EuChemS calls for Eradication of Accidental CO Poisoning for Safer Tourism

Nov 19, 2015

Yesterday, at the round-table “What next for tourism accommodation safety in the EU?” EuChemS called on the European Commission to eradicate accidental CO poisoning to increase tourism safety. One key part of tourism safety concerns safety in holiday homes and reducing the risks of carbon monoxide poisoning, which can arise through faulty boilers. 

During this round-table at the European Parliament chaired by MEP Linda McAvan, MEP Catherine Stihler read a statement by EuChemS President David Cole-Hamilton:

Carbon monoxide is a colourless, odourless gas which cannot be detected by humans. It is deadly because it binds to haemoglobin in the blood and prevents oxygen from being transported around the blood stream and into the brain. Initially the patient appears pink then reports headaches and soon passes out and dies. Caught early, carbon monoxide poisoning can be reversed by simply removing the patient from the source and allowing her/him to breathe clan air. Later, oxygen may be effective.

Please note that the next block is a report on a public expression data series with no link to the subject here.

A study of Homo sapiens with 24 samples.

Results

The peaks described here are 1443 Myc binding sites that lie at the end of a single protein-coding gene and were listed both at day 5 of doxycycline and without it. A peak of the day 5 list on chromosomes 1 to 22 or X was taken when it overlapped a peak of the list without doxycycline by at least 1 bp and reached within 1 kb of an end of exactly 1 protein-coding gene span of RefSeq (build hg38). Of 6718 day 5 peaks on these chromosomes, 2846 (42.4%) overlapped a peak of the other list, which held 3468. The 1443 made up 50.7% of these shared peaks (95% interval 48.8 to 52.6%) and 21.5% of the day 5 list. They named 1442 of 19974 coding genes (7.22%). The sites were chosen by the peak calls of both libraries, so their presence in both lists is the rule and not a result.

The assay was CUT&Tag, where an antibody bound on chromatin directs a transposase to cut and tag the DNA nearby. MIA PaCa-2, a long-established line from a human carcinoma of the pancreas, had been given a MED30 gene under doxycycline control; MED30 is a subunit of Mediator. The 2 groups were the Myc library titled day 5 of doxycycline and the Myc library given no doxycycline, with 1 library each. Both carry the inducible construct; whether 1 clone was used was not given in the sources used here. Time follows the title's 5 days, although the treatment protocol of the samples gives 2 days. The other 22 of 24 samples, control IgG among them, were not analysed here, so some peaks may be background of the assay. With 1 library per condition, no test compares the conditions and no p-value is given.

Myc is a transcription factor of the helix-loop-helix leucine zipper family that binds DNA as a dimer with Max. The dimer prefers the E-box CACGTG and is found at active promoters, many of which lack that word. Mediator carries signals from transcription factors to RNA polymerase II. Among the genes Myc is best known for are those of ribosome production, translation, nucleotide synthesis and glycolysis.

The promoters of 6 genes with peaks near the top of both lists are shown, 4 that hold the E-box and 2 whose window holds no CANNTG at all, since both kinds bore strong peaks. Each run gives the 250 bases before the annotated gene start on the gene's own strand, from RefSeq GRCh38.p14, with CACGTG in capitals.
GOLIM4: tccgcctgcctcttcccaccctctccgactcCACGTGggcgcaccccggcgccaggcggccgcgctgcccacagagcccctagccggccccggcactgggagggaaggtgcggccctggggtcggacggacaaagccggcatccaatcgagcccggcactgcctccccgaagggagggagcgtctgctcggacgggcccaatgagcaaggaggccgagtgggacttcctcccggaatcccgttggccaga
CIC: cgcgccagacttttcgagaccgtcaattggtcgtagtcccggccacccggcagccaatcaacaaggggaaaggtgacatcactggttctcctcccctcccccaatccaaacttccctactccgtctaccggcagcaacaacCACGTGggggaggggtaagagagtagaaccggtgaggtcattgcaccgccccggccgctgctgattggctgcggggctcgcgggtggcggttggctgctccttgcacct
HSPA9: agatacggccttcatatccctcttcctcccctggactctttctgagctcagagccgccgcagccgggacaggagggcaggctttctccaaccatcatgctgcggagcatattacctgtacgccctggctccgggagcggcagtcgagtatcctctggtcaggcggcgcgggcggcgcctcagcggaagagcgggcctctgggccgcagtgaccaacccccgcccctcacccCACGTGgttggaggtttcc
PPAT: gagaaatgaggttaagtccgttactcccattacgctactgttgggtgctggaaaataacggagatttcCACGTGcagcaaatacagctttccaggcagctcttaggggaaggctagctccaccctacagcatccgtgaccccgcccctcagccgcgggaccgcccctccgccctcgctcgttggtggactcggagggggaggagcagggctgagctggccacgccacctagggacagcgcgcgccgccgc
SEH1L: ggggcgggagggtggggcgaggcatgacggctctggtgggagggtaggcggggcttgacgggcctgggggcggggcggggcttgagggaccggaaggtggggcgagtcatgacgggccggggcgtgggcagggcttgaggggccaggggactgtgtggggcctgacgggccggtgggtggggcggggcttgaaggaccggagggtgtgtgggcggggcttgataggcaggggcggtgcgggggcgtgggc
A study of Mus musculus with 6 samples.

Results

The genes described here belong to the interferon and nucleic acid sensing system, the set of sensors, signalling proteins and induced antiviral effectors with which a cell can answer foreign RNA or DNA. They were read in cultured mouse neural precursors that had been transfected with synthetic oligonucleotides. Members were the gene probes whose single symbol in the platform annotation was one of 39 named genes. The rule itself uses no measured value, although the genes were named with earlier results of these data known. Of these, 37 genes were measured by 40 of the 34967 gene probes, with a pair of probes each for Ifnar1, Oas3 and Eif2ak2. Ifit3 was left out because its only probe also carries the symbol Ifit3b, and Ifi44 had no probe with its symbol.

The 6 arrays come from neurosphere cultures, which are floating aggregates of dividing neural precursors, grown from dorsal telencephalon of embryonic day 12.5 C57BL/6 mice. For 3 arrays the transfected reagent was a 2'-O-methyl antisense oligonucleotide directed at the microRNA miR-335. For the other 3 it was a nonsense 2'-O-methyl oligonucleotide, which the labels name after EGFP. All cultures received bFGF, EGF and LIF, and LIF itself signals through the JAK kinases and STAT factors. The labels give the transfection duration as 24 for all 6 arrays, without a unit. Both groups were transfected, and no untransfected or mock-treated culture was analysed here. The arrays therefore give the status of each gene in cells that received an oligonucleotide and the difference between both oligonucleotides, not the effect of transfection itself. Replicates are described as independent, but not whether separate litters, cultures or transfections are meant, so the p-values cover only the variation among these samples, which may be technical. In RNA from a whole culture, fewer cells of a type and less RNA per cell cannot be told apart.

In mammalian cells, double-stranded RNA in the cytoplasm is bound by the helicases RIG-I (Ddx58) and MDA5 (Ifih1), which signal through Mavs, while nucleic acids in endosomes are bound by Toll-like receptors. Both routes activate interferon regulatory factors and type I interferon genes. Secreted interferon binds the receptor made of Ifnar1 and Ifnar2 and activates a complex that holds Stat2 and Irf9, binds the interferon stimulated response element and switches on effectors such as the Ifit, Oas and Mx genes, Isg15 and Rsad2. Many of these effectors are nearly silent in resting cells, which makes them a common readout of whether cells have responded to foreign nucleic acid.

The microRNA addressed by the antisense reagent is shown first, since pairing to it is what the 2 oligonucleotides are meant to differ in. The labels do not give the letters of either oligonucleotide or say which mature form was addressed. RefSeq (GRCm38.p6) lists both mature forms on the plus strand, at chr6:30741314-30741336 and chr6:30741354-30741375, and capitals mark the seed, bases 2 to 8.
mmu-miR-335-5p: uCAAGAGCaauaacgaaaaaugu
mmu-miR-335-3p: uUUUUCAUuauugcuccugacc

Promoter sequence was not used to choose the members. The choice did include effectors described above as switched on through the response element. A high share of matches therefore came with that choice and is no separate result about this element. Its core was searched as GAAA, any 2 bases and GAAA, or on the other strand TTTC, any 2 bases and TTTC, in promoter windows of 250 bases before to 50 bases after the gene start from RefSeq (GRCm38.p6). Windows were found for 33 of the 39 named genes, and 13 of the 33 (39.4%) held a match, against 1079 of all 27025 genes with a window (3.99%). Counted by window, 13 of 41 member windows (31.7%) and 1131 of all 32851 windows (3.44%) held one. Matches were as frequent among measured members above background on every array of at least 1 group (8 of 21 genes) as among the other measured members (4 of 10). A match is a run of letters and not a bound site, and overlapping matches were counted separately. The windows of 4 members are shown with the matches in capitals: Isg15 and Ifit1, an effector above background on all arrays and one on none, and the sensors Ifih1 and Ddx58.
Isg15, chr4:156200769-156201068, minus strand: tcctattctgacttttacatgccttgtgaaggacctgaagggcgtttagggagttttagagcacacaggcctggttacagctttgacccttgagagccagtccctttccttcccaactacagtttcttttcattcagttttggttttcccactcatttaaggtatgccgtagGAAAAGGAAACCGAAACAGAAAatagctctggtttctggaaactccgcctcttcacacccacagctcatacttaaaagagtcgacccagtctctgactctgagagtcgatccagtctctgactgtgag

In the period 1980-2008, the average number of deaths per year from CO poisoning in the EC was > 4000,[1, 2] of which rather more than half are believed to be accidental. The rest were as a result of suicide or homicide.

This means that >2000 people die needlessly in Europe every year (> 5 per day). Many of these deaths could be prevented by the installation of alarms that cost nearly nothing and are easily installed.

We call on the European Commission to do all that it can to eradicate this needless waste of life.

Data from:

1.            Mortality associated with exposure to carbon monoxide in WHO European Member States, M. Braubach, A. Algoet, M. Beaton, S. Lauriou, M. E. Heroux, and M. Krzyzanowski, Indoor Air, 2013, 23, 115-125.

2.            Fatal unintentional non-fire-related carbon monoxide poisoning: England and Wales, 1979-2012.D. S. Fisher, G. Leonardi, and R. J. Flanagan, Clinical Toxicology, 2014, 52, 166-170.